The Space for Growing Up

“The Space for Growing Up” by Saelen Ghose  Read it online at: The MetroWest Daily

One of my favorite activities—although I can hardly call it an activity since it requires no apparent physical effort on my part—is to sit and watch my kids play, especially when they are totally unaware of my gaze, and interest. This is when I get I get to see them be real. I get to see how they apply their ever growing set of experiences to the world. I get to watch them be completely independent of me and my endless sharing of “rights and wrongs” and “dos and don’ts.” I get a glimpse of who they are, and who they might become. It’s fascinating.

Last week I sat on a bench, amidst a park of laughing kids, next to a man-made pond bubbling with the constant whir of a small fountain, providing a backdrop of white-noise, which allowed me to tune out the world and become lost in thought as I watched my son play basketball.

I observed him working through his routine—formulated and fine-tuned to get himself ready for actual games. But today he was improvising, trying variations on his moves, and throwing in some made-for-TV moments as well. I enjoyed watching him, especially because I could see how much he was basking in his own space, free from his siblings, his mom, and me.

But then a young girl about his age—he’s going into sixth grade—stepped on the court. I could see they were having a conversation of sorts. My son paused for a moment and then threw her the ball so she could shoot as well. I smiled, making some mental notes. He is willing to share. Check. He is open to new people. Check. Although his routine was now altered, he was willing to go with it. Hmm. Ability to improvise and be comfortable with change. Check, check. Empathy. Triple check.

However, he didn’t quite know what to do when a third player—another young girl— entered the mix, requesting the ball, but then not returning it. I laughed to myself as I watched him assess the situation and try to figure out the best way to let this new person know, that in fact the ball was actually his, not hers; and that he was actually doing her a favor by sharing. And then, a sudden, but not unfamiliar feeling came over me, and caused me to squirm on my bench. I wanted to step in and fix it. I wanted to explain to the young girl how she should be acting. I wanted to solve my son’s problems for him, even though he was hardly in a bind. Luckily, before I could take action—I really hadn’t planned on actually doing anything—my wife, who was now sitting next me, put her hand on my arm and said, “It’s alright. He’ll figure it out.”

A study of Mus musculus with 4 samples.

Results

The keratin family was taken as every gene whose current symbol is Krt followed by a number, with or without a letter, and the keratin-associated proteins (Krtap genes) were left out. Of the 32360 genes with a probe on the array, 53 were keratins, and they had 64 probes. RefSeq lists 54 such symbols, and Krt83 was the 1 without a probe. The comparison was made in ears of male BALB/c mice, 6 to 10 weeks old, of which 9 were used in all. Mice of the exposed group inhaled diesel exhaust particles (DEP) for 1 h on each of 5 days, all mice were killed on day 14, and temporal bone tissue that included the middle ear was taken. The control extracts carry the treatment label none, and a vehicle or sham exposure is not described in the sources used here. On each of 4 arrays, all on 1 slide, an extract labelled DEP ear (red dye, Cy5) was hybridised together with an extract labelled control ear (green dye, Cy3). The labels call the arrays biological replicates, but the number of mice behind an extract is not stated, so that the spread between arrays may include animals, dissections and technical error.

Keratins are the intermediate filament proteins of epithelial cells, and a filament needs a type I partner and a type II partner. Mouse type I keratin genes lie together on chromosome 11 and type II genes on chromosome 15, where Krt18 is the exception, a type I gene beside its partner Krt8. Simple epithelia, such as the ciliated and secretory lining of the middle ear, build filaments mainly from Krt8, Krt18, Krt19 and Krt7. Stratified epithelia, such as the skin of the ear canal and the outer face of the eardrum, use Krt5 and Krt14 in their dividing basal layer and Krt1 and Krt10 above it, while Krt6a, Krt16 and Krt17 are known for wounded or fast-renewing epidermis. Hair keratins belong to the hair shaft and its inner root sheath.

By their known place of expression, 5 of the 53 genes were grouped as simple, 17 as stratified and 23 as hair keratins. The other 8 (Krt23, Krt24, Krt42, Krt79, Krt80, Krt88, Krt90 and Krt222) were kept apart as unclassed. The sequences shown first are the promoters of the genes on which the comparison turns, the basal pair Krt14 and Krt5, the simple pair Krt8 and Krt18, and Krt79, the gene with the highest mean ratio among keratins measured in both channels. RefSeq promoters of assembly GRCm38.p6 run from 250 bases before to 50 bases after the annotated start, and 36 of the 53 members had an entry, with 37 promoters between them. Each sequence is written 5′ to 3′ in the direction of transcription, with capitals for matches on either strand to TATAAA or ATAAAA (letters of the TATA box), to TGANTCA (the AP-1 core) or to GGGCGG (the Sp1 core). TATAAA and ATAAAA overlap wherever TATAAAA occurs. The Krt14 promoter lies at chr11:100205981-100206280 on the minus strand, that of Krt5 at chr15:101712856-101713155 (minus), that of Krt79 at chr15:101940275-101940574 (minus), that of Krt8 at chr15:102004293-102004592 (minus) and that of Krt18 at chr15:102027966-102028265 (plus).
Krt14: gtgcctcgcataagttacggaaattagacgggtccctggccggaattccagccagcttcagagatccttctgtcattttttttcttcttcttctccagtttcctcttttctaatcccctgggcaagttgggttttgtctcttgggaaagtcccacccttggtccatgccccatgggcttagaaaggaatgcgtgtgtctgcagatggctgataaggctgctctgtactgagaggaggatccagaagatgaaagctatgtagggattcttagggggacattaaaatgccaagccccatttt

And lo and behold he did. Well actually it became a moot point, because both girls quickly lost interest and went back to swinging on the swings. But this small and innocent occurrence got me thinking. Maybe I needed to take a hard look at my initial impulse. Why did I feel the need to step in? Was it me entirely, or did I feel my son needed to be a bit more savvy, or maybe even a bit tougher to be able to deal with the inevitable altercations that awaited him on playgrounds, school hallways, ballfields, or other basketball courts?

I don’t think of myself as a “helicopter parent” but I do think I’m probably too involved in the minutia of my kids’ lives. Part of this stems from being a stay-at-home dad, holding down the fort while my wife works her full-time gig. But the other piece stems from my own fears of the world. When I look back at some of the things I did as a kid I shake my head and say to myself, “There is no way I’d ever let my kids do half the things I did.” Of course these “things” informed and educated me to the ways of the world, and I emerged relatively unscathed, and far better for having experienced them.

As I sat mulling over my memories, I made a pact with myself. It was time to toughen up my son, and in turn toughen up my resolve to not let my fears get in his way. It’s his life, not mine. And the day I actually allow myself to get off the bench and intervene in his world, I’ll forever lose that special space where I have the freedom to observe, without him being aware of my presence.